Ready to Serve: Small-Town Church Re-engages Senior Adults

 In All Church of God, CHOG, Great Lakes

By Carl Stagner

The scenario is a common one. By the time it’s too late to do anything about it, the younger generation is absent from the local church and the older generation, on the decline, lacks the means to keep the ministry moving forward. A new phenomenon is emerging in recent decades, though, suggesting possible overcorrection. In response to aging demographics, churches increase the student ministries’ budget for student ministries, hire children’s pastors, and break ground on the new children’s wing—all fruitful endeavors. But, in so doing, they inadvertently overlook the senior adults in the congregation who still have much to offer, and the plentiful harvest of senior souls in the community beyond the four walls. Decatur Church of God in Decatur, Indiana, is determined not to let that happen.

Chris and Don Smith

Former Church of God missionaries Don and Chris Smith came to the church when it was in the early stages of transition in a variety of areas. First an interim, but ultimately the senior pastor, Don recognized opportunities with the senior adult population he’d seen before in other settings, yet hadn’t been able to seize. With 60 percent of the congregation over the age of sixty, Don saw a group of Christ-followers with a “latent” calling; what if they could be mobilized for ministry in their church, in their homes, and in their community? First, some investment of time, focus, and resources in these important individuals would be necessary.

Don began scheduling and hosting fellowship and worship gatherings especially for the seniors. Harboring no ill feelings toward contemporary praise and worship music, Don acknowledges that his preference—and that of most of their senior adults—is simply different. While Sunday morning worship at Decatur remains primarily modern in musical style—and very high quality, Don underscores—it’s been a blessing to welcome guest musicians from the area to lead their senior adults in hymn sings and southern gospel, before enjoying a time of fellowship and, of course, food.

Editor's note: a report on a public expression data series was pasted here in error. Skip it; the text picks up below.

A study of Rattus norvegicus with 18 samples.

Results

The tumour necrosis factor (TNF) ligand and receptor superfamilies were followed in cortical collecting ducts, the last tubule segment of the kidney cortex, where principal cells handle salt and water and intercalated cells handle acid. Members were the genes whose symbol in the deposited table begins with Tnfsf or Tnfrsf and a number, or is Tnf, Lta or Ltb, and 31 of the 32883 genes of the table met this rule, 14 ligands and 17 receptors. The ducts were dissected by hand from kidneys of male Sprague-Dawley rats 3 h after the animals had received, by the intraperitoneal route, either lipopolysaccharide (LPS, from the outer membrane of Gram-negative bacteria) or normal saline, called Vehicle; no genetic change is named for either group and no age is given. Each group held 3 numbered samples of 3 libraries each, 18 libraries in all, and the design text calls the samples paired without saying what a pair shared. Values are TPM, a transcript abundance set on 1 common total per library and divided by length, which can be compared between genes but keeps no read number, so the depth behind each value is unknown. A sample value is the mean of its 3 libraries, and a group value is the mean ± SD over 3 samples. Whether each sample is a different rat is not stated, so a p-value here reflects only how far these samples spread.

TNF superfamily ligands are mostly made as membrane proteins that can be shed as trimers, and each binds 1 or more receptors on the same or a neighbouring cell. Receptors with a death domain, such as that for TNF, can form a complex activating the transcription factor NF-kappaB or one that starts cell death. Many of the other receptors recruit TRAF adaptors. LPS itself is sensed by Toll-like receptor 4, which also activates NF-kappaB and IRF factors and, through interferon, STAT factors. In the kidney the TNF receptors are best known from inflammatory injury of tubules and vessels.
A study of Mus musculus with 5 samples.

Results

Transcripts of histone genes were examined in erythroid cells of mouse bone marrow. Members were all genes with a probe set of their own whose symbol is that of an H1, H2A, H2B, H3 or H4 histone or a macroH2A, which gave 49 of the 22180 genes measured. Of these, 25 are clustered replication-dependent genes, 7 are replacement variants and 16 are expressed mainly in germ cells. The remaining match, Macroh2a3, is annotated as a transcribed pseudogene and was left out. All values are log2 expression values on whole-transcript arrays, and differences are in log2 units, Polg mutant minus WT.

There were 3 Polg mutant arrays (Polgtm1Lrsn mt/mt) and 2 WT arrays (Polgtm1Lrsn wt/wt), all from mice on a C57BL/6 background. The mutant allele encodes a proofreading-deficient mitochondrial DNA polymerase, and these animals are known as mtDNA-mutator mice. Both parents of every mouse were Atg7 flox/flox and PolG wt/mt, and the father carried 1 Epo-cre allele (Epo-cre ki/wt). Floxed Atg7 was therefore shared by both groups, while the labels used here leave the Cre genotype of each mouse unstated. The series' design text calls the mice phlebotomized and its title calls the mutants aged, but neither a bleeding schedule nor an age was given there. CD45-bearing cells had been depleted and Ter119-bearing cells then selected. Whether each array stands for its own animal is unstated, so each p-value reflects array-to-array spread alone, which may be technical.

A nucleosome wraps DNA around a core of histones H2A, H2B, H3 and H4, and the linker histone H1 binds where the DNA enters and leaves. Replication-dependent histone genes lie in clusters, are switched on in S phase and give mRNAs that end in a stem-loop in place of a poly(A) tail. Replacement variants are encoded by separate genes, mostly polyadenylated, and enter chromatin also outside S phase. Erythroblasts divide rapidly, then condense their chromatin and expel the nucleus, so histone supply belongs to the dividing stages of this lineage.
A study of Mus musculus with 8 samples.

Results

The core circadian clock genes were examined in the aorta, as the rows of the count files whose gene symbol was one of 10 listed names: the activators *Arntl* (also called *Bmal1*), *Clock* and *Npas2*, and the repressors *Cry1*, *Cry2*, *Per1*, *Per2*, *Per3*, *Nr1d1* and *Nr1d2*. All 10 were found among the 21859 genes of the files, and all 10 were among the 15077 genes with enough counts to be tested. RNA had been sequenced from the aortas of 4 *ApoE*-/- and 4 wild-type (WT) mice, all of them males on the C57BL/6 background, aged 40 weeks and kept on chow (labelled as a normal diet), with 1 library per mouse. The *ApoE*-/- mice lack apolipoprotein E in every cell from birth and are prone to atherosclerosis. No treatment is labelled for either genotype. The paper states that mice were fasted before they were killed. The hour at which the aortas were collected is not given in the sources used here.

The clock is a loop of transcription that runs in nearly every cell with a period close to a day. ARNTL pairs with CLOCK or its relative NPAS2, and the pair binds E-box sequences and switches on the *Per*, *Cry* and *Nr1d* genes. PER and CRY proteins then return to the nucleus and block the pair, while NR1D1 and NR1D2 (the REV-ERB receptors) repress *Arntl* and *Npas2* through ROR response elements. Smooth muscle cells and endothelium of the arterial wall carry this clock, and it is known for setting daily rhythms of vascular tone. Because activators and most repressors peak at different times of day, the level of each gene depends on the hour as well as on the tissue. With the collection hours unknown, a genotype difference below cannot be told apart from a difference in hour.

“I see a group of people with lots of potential for ministry,” Don explains. “They’re still actively involved in their community but, sadly, in ministry there is some stagnation.”

Decatur Church of God exterior

It’s not all their fault, either. Emphasis on the younger crowd at the expense of the older is partly to blame. “They needed motivation to get on mission,” Don continues, “but we do it speaking their language.” And, like a missionary entering the field, Don knows language matters. “They miss the hymns and the way it used to be,” he explains. “We want to give them a fellowship and a worship experience with the language they understand. But we don’t stop there. We know it’s not about arguing over worship styles. We’re saying let’s go out and get others who speak our language from the community and bring them in.”

Brent Beggs, who led worship for a senior adult gathering at Decatur in 2020; with wife Heather.

Decatur Church of God isn’t shifting the focus from the younger generation to the older. In fact, one of the latest decisions to expand emphasis was on the children’s ministry. But Don did some digging into the demographics of Decatur and discovered a staggeringly high number of seniors—a few thousand, at least—who report no church affiliation. This “unchurched” segment of the population isn’t very likely to be persuaded to visit a church by a young adult who attends a church that pays no attention to persons over the age of sixty.

“The people in this age group are closer to eternity than the younger folks,” Don reflects. “It behooves us to feel the sense of urgency before they cross over. Our seniors still have a lot of energy left, perhaps even as opposed to a generation ago. I’m seventy and I have energy. Seventy is the new sixty! So, why do we tell them to be quiet and sit still? Most are retired; they have time, energy, and resources; they have wisdom to pour into our children, youth, and young parents; but they need fellowship and they need a purpose.”

Don hopes to lead Decatur Church of God to partner with smaller churches in the area who don’t have the resources but share the desire to reach senior adults. Fellowship, worship, and outreach will be intentional and recurring. And while the COVID-19 pandemic has prolonged the rollout of the senior adult ministry at Decatur, Don insists they’ll soon be “firing on all cylinders.”